The Marketing Scales Handbook is indispensible in identifying how constructs have been measured and the support for a measure's validity and reliability. I have used it since the beginning as a resource in my doctoral seminar and as an aid to my own research. An electronic version will make it even more accessible to researchers in Marketing and affiliated fields.
Dr. Terry Childers
Iowa State University


A consumer's attitude about the informativeness and believability of communications from a company is measured with three, seven-point Likert-type items.  While the communication activities referred to in the scale items can refer to advertising, the phrasing is broad enough to include those of a PR nature as well such as press releases.

Three semantic differentials are used in this scale to measure how one's attitude about an organization is affected by learning it is sponsoring a certain event or cause.  It was referred to as effect on sponsor by Olson and Thjømøe (2011).

The scale is composed of seven-point Likert-type items intended to measure the extent to which a customer (the first party) who was dissatisfied with a company (the second party) expressed his/her dissatisfaction to an organization (a third party) with the hope that the information would be disseminated to relevant publics (the fourth party).

The degree to which a person views a company as supporting a cause because it helps the business in some way is measured with four Likert-type statements.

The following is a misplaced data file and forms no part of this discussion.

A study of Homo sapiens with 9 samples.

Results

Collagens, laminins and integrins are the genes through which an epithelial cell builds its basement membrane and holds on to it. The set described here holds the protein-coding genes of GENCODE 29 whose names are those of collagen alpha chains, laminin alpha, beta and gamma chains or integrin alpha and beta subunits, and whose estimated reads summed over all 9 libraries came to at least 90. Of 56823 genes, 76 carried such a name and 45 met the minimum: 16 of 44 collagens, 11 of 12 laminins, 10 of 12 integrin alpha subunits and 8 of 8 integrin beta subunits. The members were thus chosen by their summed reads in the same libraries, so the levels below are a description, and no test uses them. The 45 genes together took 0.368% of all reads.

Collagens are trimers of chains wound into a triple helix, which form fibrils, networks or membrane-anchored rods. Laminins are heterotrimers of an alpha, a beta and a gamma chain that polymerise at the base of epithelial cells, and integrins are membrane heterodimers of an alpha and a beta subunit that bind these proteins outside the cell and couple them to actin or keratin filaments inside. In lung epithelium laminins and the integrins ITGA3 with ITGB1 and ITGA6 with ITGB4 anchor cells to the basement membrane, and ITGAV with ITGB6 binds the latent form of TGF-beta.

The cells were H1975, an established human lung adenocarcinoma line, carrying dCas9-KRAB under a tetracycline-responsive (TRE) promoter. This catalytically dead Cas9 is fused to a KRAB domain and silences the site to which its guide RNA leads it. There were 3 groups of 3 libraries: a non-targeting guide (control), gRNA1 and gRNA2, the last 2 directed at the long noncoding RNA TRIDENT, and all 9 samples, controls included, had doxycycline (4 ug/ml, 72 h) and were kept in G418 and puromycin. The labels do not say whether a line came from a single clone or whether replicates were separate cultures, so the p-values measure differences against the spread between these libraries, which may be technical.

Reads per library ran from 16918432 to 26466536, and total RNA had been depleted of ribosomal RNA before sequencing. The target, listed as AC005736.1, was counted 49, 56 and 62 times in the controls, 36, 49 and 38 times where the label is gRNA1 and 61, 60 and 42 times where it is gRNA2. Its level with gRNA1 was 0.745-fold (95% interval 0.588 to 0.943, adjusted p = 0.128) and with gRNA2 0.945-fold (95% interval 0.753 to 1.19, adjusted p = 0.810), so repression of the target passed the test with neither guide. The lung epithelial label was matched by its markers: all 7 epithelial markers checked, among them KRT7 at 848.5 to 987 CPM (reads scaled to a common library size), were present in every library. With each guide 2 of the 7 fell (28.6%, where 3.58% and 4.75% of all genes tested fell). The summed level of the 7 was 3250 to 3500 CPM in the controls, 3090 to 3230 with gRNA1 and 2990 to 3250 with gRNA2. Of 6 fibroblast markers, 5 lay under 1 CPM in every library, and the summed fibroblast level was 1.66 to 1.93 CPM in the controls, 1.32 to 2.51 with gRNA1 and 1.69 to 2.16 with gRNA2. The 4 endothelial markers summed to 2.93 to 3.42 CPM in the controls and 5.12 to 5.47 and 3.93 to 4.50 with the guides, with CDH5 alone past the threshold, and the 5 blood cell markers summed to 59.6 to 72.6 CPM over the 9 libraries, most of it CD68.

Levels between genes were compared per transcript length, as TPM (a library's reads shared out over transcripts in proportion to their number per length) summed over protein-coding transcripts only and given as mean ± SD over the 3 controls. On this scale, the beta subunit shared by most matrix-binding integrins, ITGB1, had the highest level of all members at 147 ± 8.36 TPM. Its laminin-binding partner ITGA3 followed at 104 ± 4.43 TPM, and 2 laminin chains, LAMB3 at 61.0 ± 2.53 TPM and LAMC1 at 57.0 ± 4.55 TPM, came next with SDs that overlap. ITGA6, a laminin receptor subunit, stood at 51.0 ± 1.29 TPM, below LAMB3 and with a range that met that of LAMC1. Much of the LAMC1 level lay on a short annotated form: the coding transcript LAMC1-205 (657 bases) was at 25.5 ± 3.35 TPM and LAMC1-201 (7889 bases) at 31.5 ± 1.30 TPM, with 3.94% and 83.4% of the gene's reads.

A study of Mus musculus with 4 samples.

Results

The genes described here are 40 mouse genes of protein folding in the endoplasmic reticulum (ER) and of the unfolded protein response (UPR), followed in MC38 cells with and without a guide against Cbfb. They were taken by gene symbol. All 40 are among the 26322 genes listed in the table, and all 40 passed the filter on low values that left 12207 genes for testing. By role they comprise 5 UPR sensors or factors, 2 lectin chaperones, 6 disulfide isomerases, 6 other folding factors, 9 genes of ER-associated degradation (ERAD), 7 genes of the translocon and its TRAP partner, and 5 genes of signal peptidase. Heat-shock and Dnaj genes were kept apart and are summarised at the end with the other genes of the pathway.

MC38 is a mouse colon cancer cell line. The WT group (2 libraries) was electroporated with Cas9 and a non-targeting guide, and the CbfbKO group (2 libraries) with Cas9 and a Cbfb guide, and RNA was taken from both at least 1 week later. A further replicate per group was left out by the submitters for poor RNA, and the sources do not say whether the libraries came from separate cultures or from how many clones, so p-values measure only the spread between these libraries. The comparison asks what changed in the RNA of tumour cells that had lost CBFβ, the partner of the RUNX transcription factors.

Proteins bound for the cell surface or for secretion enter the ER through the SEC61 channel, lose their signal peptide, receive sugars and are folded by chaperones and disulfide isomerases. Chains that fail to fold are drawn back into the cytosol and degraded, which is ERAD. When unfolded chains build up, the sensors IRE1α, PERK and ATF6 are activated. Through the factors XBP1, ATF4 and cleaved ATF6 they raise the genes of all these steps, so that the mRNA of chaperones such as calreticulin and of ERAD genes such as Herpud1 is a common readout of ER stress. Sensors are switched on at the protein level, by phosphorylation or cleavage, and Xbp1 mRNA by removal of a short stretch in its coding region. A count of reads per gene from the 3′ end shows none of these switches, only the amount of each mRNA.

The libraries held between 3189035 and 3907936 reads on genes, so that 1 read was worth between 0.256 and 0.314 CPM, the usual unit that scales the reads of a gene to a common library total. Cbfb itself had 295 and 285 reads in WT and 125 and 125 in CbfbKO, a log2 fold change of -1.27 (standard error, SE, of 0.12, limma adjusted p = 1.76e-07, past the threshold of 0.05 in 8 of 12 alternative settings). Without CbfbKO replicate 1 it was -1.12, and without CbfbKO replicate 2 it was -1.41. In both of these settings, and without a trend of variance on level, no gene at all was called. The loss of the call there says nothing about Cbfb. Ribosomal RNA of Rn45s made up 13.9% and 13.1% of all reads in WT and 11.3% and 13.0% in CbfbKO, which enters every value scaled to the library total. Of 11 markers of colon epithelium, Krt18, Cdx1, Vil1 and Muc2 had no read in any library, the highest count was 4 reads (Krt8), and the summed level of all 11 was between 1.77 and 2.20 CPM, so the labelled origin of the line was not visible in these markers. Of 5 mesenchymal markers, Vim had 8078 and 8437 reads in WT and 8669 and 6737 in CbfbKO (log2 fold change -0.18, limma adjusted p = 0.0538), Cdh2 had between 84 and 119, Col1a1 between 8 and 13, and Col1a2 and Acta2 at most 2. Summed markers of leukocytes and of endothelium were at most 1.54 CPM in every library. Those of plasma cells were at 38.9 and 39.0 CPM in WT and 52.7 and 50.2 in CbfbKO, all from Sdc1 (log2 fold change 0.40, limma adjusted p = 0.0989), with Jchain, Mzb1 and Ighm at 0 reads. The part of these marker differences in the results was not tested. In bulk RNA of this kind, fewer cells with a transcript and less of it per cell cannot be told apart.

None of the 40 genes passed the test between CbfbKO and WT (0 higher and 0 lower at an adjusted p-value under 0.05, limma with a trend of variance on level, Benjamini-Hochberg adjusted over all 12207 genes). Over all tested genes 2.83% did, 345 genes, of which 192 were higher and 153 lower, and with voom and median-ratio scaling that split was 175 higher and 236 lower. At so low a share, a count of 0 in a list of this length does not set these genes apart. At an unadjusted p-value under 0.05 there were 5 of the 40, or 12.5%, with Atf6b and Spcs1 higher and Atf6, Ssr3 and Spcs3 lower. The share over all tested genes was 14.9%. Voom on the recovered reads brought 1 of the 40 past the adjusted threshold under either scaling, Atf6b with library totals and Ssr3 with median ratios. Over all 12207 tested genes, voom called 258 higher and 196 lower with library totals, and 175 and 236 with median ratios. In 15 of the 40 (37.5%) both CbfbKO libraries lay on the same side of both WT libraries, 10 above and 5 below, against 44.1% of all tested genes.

The scale is composed of four, five-point items that are intended to measure the extent to which a person believes the job performance of advertising agency account planners is judged by the awards and media attention received for the advertising. There were two versions of the scale, one to measure the way planners are currently being evaluated and another to measure the way they should be evaluated.

The scale is composed of three, seven-point Likert type statements measuring the subjective likelihood that if a certain company supported a particular event then it would improve the chances that a consumer would attend to and remember the sponsor's promotion. The events examined by Speed and Thompson (2000) were related to sports.

The scale is composed of three, seven-point Likert type statements measuring how likely a particular company is viewed as being a sponsor of a variety of major sporting events. "Ubiquity" implies that the sponsor seems to be everywhere, visibly associated with lots of top sporting events.

The scale is composed of three, seven-point Likert type statements measuring a person's attitude about a company's reasons for sponsoring an event, the emphasis being on the opinion that the sponsor genuinely has the "best interest" of the event in mind.

The scale is composed of three, seven-point Likert type statements measuring the likelihood that if a certain company supported a particular event then it would improve the chances that a consumer would buy the sponsor's products. The events examined by Speed and Thompson (2000) were related to sports.